By Dr Frank Dunn
The success of the Commonwealth Games came as no surprise to me. Glasgow has a long record of success as a host city.
I well remember the Garden Festival and Glasgow as City of Culture. We now have an international reputation from events such as the Celtic Connections and hosting the Champions League Final.
The Commonwealth Games was by far our biggest challenge and the whole event surpassed even my expectations.
There is an opportunity for a health legacy from such an event and to this end we have been involved in a project with the Health Board involving patients with type 2 diabetes who are overweight.
They have received motivational talks from elite athletes and access to gymnasium facilities. We are hopeful that we will demonstrate benefits for the patients in terms of weight, blood pressure and diabetic control. The longer term objectives are to maintain improvement and to cause a ripple effect for other similar patients to sign up to this health initiative.
I was fortunate to be on the Medical Advisory Committee and to witness at close hand the dedication of the medical volunteers and the excellence of organisation, which provided the best care for athletes and attendees alike.
There are so many issues to consider. First is the care of the athletes. There were over 8,000 attendances at the polyclinic within the games village.
Many of these related to physiotherapy, but some of the athletes required more intensive support.
The help needed by Lynsey Sharp has been well documented and may have helped in her gaining the silver medal.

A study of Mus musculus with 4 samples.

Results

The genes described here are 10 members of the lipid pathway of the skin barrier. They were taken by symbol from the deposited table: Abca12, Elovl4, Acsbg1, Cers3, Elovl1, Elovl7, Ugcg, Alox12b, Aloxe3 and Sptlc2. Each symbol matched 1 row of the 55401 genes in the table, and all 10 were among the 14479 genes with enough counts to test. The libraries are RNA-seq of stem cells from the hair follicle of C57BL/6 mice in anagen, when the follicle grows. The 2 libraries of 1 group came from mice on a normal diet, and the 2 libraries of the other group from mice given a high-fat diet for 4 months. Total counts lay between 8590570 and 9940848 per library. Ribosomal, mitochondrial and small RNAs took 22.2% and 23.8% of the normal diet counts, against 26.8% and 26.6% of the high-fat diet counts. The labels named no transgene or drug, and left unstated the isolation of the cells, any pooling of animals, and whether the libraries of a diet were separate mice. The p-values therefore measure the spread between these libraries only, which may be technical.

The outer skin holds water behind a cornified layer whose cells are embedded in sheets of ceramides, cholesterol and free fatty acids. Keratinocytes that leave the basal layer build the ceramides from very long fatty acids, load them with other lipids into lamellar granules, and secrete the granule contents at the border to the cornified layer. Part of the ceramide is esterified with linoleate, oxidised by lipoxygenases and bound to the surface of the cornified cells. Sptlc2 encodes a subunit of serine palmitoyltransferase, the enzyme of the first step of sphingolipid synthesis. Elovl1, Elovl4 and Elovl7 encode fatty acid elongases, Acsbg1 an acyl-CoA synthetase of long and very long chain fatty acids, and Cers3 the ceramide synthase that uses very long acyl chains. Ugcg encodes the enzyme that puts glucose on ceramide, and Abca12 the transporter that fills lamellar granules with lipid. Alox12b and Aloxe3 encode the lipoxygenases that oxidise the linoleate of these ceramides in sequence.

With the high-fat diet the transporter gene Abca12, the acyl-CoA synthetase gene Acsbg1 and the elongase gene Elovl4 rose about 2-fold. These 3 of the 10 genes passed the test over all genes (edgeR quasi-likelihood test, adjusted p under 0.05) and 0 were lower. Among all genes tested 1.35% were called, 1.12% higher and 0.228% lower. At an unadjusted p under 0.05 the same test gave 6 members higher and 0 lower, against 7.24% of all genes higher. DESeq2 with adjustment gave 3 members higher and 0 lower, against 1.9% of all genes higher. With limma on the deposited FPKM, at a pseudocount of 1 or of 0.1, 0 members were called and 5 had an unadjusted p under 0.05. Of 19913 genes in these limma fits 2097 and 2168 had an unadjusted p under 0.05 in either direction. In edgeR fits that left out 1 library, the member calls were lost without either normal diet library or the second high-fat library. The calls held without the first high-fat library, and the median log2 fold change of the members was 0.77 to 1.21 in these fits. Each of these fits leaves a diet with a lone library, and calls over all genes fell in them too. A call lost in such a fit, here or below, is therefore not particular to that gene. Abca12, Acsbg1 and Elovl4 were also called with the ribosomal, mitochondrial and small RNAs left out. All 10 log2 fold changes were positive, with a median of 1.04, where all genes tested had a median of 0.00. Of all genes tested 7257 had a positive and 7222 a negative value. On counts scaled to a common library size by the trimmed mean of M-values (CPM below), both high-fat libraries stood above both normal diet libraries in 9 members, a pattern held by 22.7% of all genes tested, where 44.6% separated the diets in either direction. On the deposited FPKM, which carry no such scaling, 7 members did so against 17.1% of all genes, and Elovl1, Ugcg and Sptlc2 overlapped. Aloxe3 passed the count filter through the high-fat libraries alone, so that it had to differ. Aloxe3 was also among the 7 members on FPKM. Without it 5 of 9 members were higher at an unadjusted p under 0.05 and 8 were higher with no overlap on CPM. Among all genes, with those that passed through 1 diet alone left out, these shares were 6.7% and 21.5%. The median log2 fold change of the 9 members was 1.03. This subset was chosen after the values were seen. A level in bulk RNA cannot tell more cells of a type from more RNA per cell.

In addition, support was there for the sports with a higher risk of injury, such as hockey, boxing, rugby, mountain biking and squash.
Secondly, there was the major challenge of providing health cover for the substantial number of visitors to the games.
Thirdly, there was the need to provide a robust programme to ensure no breaches of doping control.
In all of these areas the medical support team performed to the highest degree and deserve great credit.
Many of the issues involved in sports medicine and doping control were pioneered by my colleague and friend Professor Stewart Hillis, who died the night before the games started. He was, of course, well-known at Stobhill where he worked as a Consultant from 1977-1991. He completely overhauled cardiac services at Stobhill and worked tirelessly in key research which benefitted so many heart attack patients.
However, it was also in the area of sport and exercise medicine that he excelled. He was appointed Professor in this area in 1997.
He was the Scotland International team doctor for 228 games - a world record.
He set up degrees in sport and exercise medicine at the University of Glasgow and oversaw the facility at Hampden Park for sports injuries.
He was also involved in screening young adults who might be at risk of sudden death during sport. And he was a senior advisor to UEFA in regard to doping control.
He, with Sir Alex Ferguson, was present in Cardiff when Jock Stein died. Sir Alex took over as manager and remained a close friend of Professor Hillis ever since. Sir Alex delivered one of the tributes at the memorial service last week.
I have no doubt Professor Hillis would have rejoiced in the success of the Commonwealth Games and also in a victory by Scotland in their next competitive match against the world champions in Dortmund later this year. Hope springs eternal.